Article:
Monday, July 12, 2010

And Then There Were ...70 Something, Give Or Take

A short one, in light of recent posts.

Friday marked the last day for some of my students because those lucky buggers start school this coming Monday. I think it's a great credit to the Hawaii DOE and whoever had the brilliant idea of starting the school year in mid-July. I remember back in my day when public school started late August/early September, mid September if you were starting Kindergarten. I'm sad to see some of them go, but I leave them knowing that I've enriched their lives and showed them the wonder of science. Or at least entertained them for a few hours a week. Good enough.

Let's talk about Friday. Friday was a rather easy day because a large chunk of the day was scheduled for this guy from the zoo who came to talk to the kids about animals. His name was Uncle Jason, and he commanded the kids attention rather masterfully. I was honestly impressed. But I think it was in large part because he sounded like Andy Samberg on Parks and Recreation. I think it's because Uncle Jason is used to teaching a large group of kids outdoors at the zoo above the din of animal noises, and hasn't discovered his inside teaching voice. Regardless, it was my first hour of this job where I could just sit and watch someone else be in charge. It was a nice change of pace.

Due to the interruption of the zoo presentation, I only taught the three oldest groups that day. I've all but given up on the Mythbusters idea with all the groups except E, who seem to be the only ones able to grasp what a myth is. Which is fine, because it means less things I have to buy, and less of my paycheck I need to spend.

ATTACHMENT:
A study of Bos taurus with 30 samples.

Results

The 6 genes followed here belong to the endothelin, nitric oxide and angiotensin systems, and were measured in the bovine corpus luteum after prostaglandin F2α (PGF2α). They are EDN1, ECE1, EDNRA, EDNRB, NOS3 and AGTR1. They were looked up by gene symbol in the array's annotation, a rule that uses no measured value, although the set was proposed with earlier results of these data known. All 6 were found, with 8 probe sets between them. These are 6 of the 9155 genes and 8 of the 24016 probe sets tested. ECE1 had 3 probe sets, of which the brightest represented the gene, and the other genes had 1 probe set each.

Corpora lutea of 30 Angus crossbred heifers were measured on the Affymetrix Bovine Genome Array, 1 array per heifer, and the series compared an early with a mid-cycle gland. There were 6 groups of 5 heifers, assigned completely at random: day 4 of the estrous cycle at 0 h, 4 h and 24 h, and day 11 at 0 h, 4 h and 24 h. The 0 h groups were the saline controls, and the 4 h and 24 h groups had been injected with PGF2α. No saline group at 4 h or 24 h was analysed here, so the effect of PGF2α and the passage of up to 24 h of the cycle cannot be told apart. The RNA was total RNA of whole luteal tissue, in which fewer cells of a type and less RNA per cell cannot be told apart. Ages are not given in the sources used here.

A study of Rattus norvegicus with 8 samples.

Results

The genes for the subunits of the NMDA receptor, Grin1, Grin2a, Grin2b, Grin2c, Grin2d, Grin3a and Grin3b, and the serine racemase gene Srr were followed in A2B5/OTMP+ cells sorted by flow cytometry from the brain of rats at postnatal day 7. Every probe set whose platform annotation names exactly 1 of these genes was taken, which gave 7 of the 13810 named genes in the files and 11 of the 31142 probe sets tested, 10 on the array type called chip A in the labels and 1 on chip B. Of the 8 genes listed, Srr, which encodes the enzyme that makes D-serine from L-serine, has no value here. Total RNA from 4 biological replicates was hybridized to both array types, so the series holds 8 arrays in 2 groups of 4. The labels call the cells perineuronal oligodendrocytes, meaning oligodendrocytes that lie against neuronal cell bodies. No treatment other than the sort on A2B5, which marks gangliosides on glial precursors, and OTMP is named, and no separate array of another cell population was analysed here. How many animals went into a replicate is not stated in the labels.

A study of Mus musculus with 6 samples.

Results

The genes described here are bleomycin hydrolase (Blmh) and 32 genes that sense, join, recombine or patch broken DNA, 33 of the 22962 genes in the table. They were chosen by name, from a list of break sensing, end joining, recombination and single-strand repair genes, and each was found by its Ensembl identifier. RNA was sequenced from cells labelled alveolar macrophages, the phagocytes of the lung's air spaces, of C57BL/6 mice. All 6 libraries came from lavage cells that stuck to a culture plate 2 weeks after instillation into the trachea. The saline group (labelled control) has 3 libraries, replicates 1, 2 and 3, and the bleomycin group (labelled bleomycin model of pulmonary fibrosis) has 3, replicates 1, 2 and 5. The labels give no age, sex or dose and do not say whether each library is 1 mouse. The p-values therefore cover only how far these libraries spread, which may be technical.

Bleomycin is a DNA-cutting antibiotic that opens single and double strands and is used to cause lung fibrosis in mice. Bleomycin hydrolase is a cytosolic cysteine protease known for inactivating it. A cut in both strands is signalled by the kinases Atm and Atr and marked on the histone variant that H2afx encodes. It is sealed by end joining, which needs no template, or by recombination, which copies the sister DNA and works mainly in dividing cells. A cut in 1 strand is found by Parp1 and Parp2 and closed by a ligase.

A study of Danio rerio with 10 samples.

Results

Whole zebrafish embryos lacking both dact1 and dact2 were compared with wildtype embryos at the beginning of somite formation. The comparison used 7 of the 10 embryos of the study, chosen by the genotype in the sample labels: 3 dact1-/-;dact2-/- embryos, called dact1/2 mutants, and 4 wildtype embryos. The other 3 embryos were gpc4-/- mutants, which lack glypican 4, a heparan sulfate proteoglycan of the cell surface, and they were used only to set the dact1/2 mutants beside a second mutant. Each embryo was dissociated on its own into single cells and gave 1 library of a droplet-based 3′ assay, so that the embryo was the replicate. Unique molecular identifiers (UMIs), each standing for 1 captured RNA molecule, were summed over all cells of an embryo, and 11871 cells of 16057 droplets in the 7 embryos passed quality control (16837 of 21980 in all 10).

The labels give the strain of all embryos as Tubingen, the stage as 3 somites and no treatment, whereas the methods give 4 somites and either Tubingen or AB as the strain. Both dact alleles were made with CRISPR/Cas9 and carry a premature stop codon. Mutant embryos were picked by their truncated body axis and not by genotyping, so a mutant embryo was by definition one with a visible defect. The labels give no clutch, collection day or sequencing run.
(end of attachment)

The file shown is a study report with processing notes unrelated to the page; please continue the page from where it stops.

Having given up on the mythbusters idea with D and C groups, I scrambled for a replacement lesson. So I settled on giving them the myth that "You can't fold a paper in half 8 times".

Let the games begin.

I must say I am amazed by the ineptitude of some of these children. I thought this would be too simple, that they would realize that you can't do it with a normal 8.5x11 paper. But an inordinate amount of time was spent teaching them what "fold in half" means.

When I first gave them the assignment, I had no less than half the class come up to me with a paper they had folded into 8 sections (not folded in half 8 times). The other half would come up to me with a paper they had folded 8 times, but they had rolled a half inch lip up. Not half. Not even close. I'm not quite sure what this experiment had to do with science, but it kept them busy. If I had to justify it, I would say that it taught them the rigor of scientific testing, of precise definitions, and fine motor skills, all of which they could stand to learn.

There are two more days of this program left, plus some kind of carnival day I've been left out of the loop on. I have a hazy idea of what I'm doing on each of those days, though at this point I'm just trying to get to the finish.

This does mean, however, that come Wednesday night, I'll be jobless, aimless, and listless. I need something to do. I need projects to invest myself in, to obsess over, and to blog about. I have a few I've been planning since the beginning of the summer. But I'd sincerely appreciate some suggestions for projects to do with the remainder of my summer (a little over a month). Doesn't have to be science related, but it can be. Seriously people, when I get bored, horrible, horrible things happen, like this diddy.

1 comment:

  1. Hmm...Andy Tien said last week he already received his prize from ThinkGeek, but I've been checking my mailbox daily and still haven't gotten anything. I wonder if they're just taking a long time to ship to California or whether they couldn't find my mailbox? I had much difficulty finding my apartment and didn't locate where my mailbox was located until nearly two weeks in.

    I think you should learn to juggle (if you don't already know how), and if you already do, try to work your way up to doing a three-ball shower and a three-ball Mills Mess.